Prior to human development of the area, the coast between Santa Monica and the Palos Verdes Peninsula consisted primarily of sand dunes and sandy beaches that shifted due to the action of air and water currents. The gradual process of urban development has changed the way beaches are created, both because jetties and other man-made structures interfere with the coastal distribution pattern, and because the sediments that once helped replenish beach sands are now held back by dams or diverted into flood control channels and deposited elsewhere on the coast.
Certain species are of particular concern specifically because of the loss or degradation of Southern California beach habitat. These include the endangered California least tern, El Segundo blue butterfly and Western snowy plover.
Projects underway to protect the California least tern include providing protected nesting habitat near suitable foraging areas. Venice Beach has one of the most successful breeding sites in California. The Santa Monica Bay Restoration (SMBRP) has worked with other local agencies to establish a second colony near Playa del Rey.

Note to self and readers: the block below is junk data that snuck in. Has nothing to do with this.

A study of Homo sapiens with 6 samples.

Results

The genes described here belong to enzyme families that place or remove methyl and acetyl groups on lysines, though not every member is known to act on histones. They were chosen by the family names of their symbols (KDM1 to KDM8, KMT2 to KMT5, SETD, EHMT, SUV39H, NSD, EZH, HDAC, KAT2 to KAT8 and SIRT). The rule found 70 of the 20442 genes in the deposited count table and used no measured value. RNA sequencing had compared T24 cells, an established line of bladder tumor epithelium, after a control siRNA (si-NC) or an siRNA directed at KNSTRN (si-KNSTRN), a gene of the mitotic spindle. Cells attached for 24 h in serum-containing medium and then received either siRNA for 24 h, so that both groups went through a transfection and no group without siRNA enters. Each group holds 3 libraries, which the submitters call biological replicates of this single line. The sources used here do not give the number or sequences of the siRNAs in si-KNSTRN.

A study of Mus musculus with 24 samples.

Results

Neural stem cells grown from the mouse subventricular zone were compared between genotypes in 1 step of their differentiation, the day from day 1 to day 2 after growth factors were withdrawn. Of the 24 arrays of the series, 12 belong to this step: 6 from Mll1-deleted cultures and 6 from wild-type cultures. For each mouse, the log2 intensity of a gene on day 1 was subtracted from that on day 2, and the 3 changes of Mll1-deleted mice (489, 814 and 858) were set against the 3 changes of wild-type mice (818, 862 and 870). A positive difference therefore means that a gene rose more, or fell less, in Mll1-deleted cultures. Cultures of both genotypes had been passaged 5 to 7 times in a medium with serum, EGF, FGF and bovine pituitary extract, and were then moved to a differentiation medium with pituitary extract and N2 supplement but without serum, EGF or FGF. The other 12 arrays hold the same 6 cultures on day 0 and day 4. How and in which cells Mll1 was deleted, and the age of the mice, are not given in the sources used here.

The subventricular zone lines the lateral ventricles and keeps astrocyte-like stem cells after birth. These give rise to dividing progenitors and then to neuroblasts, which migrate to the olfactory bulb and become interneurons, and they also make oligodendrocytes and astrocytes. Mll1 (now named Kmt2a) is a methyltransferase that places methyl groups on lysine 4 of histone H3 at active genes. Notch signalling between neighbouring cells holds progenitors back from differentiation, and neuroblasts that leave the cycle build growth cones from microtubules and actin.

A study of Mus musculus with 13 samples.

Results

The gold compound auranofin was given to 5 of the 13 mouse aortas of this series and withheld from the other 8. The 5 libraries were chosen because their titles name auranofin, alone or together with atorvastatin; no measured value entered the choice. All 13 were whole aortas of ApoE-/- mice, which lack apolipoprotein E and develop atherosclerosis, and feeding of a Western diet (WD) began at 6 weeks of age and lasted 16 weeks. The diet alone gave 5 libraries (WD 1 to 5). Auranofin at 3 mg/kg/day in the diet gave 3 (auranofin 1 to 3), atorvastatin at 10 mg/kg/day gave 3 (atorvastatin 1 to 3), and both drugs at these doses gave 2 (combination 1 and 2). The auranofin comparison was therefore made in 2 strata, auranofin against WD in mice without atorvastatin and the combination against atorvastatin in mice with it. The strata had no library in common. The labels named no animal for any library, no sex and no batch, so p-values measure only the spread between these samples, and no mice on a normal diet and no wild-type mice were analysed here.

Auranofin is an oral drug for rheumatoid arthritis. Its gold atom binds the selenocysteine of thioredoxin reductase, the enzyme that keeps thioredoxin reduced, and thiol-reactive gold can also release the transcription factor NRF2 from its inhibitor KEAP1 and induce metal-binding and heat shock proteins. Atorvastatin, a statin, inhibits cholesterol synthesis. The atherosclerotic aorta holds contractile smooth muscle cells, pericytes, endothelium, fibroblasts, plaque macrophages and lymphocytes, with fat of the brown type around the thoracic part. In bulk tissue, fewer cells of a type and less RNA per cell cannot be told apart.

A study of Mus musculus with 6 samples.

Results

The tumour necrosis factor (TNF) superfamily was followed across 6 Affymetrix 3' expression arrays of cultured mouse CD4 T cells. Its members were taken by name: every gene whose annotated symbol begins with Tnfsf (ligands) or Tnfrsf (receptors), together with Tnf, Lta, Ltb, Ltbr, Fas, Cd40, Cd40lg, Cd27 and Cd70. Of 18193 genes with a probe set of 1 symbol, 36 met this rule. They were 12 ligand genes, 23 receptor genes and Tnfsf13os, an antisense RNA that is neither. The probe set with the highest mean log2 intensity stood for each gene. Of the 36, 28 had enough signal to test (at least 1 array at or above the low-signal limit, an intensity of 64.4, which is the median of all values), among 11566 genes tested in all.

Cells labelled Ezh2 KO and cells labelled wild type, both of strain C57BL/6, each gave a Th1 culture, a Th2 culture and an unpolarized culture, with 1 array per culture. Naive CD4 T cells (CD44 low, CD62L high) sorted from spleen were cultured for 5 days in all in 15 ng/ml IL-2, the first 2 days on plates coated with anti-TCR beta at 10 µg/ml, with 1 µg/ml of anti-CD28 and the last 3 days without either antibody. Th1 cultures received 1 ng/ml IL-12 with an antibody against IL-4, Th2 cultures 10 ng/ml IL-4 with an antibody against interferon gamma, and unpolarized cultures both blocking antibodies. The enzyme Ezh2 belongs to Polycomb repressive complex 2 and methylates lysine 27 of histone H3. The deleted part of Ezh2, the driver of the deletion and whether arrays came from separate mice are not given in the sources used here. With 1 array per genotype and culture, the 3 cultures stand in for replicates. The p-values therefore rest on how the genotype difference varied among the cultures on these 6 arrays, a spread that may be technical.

The El Segundo dunes, habitat for the El Segundo blue butterfly, are a remnant of a once vast coastal ecosystem. Over 900 species of plants and animals have recently been recorded on these dunes, at least 11 of which exist only within its boundaries. Restoration of this unique habitat has begun and plans are underway to establish a Dune Habitat Preserve.
Oil spills are also a potential threat to beach and intertidal habitats, especially to such species as the California grunion, a tiny fish that lays its eggs on sandy beaches.
With intense and increasing human use of the beaches and waters of Santa Monica Bay, both trash and the need for beach clean-up have increased.
Finally, beaches and rocky intertidal habitats are vulnerable to the contaminants often contained in urban runoff. Filter-feeding intertidal organisms have a particularly high potential for bioaccumulating toxic organic compounds. Bioccumulation means that the compounds stay (and acumulate) in their bodies. The susceptibility of intertidal communities can be inferred from the high concentrations of trace metals such as lead and chromium found in the tissues of California mussels near Marina del Rey.